For decades, it’s been a disposable part of conventions, with no genuinely contested roll calls or candidates left who had not released their delegates. So it was fun this afternoon to hear the secretary intone those once magical syllables — AL-A-BAM-A, 60 Votes! — and know this is one year where the delegates were duly polled in both party conventions. In Philadelphia, the hall was full, the mood was festive, the non-germane boasts of the individual states were charmingly absurd (Minnesota, the home of Prince’s “Purple Rain!”), and yesterday’s miasma seemed to be all but dispelled.
Back in the day, of course, the Roll Call of the States would have been in prime-time after long nominating speeches and “spontaneous demonstrations.” Go back far enough and there was even doubt and drama surrounding the outcome.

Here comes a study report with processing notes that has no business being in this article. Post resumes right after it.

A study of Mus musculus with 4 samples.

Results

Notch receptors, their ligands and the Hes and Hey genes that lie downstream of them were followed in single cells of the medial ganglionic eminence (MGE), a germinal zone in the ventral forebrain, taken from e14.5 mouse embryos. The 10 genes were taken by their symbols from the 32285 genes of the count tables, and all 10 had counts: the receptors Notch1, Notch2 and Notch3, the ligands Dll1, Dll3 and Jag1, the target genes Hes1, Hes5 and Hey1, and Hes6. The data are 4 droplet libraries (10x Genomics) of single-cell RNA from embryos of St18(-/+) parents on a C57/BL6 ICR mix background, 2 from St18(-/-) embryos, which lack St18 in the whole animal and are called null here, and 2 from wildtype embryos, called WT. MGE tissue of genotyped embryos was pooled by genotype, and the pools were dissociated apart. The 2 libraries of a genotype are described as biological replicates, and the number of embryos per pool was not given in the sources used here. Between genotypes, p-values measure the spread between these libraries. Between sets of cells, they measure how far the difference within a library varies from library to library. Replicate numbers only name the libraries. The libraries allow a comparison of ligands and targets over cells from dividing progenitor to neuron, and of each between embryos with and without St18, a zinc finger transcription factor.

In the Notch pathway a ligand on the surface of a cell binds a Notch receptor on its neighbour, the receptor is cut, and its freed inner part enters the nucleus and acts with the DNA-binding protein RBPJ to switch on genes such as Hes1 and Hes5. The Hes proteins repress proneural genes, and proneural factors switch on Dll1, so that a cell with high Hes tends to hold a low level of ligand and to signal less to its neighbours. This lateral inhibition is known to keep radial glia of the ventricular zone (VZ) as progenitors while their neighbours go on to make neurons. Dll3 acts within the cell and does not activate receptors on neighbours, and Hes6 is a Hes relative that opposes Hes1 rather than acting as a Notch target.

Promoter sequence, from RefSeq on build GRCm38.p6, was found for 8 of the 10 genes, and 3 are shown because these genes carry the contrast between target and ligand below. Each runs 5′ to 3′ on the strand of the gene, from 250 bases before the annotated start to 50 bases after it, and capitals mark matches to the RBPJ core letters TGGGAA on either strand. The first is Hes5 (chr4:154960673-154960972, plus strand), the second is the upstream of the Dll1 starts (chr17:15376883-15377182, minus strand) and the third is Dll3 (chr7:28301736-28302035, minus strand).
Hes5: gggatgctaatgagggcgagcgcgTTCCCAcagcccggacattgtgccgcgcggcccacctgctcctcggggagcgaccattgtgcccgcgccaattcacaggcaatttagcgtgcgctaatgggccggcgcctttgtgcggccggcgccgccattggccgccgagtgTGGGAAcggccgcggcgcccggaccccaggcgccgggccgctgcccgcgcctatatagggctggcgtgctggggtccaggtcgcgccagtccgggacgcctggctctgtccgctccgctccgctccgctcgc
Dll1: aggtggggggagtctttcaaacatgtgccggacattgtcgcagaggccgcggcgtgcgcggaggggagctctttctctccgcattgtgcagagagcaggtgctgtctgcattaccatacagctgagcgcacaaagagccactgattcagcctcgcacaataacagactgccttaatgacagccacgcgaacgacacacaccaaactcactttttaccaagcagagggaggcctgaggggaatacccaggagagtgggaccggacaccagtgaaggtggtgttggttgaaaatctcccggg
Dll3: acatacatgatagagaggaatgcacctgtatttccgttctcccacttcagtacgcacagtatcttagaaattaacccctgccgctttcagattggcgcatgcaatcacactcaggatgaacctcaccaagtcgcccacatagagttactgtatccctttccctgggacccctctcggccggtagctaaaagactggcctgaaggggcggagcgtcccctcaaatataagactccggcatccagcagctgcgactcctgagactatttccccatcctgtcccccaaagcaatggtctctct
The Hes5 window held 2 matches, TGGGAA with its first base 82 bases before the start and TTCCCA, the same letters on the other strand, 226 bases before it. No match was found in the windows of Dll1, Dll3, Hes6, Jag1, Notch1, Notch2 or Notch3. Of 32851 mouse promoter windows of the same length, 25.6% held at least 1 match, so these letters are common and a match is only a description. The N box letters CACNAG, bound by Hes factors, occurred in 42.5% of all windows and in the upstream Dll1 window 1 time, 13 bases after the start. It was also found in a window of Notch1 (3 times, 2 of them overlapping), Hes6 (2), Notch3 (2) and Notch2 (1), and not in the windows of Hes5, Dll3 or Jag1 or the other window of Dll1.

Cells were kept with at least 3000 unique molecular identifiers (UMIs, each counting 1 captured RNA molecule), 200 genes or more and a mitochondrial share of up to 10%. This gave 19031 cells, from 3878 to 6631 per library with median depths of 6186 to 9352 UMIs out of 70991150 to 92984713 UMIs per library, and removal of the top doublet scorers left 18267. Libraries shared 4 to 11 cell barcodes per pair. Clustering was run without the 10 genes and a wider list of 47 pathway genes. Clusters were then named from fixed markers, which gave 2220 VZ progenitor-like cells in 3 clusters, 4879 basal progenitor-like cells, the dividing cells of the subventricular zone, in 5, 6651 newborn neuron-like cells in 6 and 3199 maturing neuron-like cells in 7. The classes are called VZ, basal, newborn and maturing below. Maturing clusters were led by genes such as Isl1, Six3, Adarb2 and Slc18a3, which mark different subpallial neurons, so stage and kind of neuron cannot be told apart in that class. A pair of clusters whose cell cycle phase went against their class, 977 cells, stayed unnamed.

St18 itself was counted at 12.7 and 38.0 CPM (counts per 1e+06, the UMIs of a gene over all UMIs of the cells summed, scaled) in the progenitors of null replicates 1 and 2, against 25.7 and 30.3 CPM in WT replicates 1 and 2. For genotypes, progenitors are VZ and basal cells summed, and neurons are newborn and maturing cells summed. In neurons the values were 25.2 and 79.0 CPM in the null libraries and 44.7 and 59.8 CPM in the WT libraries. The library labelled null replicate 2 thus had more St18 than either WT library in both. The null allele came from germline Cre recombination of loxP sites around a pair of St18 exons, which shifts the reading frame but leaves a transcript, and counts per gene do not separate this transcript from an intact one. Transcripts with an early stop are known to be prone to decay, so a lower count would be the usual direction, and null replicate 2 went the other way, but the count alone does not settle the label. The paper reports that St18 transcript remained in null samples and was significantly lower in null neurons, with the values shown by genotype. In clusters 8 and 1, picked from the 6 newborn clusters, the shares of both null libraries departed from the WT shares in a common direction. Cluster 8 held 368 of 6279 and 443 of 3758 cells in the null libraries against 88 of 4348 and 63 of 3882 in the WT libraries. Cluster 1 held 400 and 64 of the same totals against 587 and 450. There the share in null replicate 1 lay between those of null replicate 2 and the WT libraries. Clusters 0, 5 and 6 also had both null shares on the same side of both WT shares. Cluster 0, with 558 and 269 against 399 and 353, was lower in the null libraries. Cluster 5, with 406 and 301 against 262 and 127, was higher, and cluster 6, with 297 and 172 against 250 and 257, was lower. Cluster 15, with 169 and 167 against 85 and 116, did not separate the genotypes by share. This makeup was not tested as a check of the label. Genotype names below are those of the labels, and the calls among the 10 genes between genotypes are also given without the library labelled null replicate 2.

To the delight of the Hillary Clinton campaign and convention managers, the only doubt and drama about this pleasant (if interminable) afternoon ritual was exactly what kind of unity gesture Bernie Sanders would make. Even before the roll call reached Vermont, several delegations took the therapeutic step of letting Sanders supporters announce the Sanders votes from their states. Most others announced his vote respectfully, and allowed time for cheers before moving on to their votes for “the next president of the United States.” It really seemed Democrats had finally all gotten the same memo.
That was certainly the impression when Vermont passed and went last so that Bernie Sanders could do what Hillary Clinton did in 2008 (albeit after every one of his votes was recorded), by moving to make the nomination unanimous. When the ayes and nays were called for by voice vote, for once the “ayes” were so loud that the “nays” could not be distinguished from them. And so ended a long and difficult nomination contest, with even the bitterest Bernie-or-Bust delegate participating, voluntarily or not, in a large moment of progressive political history.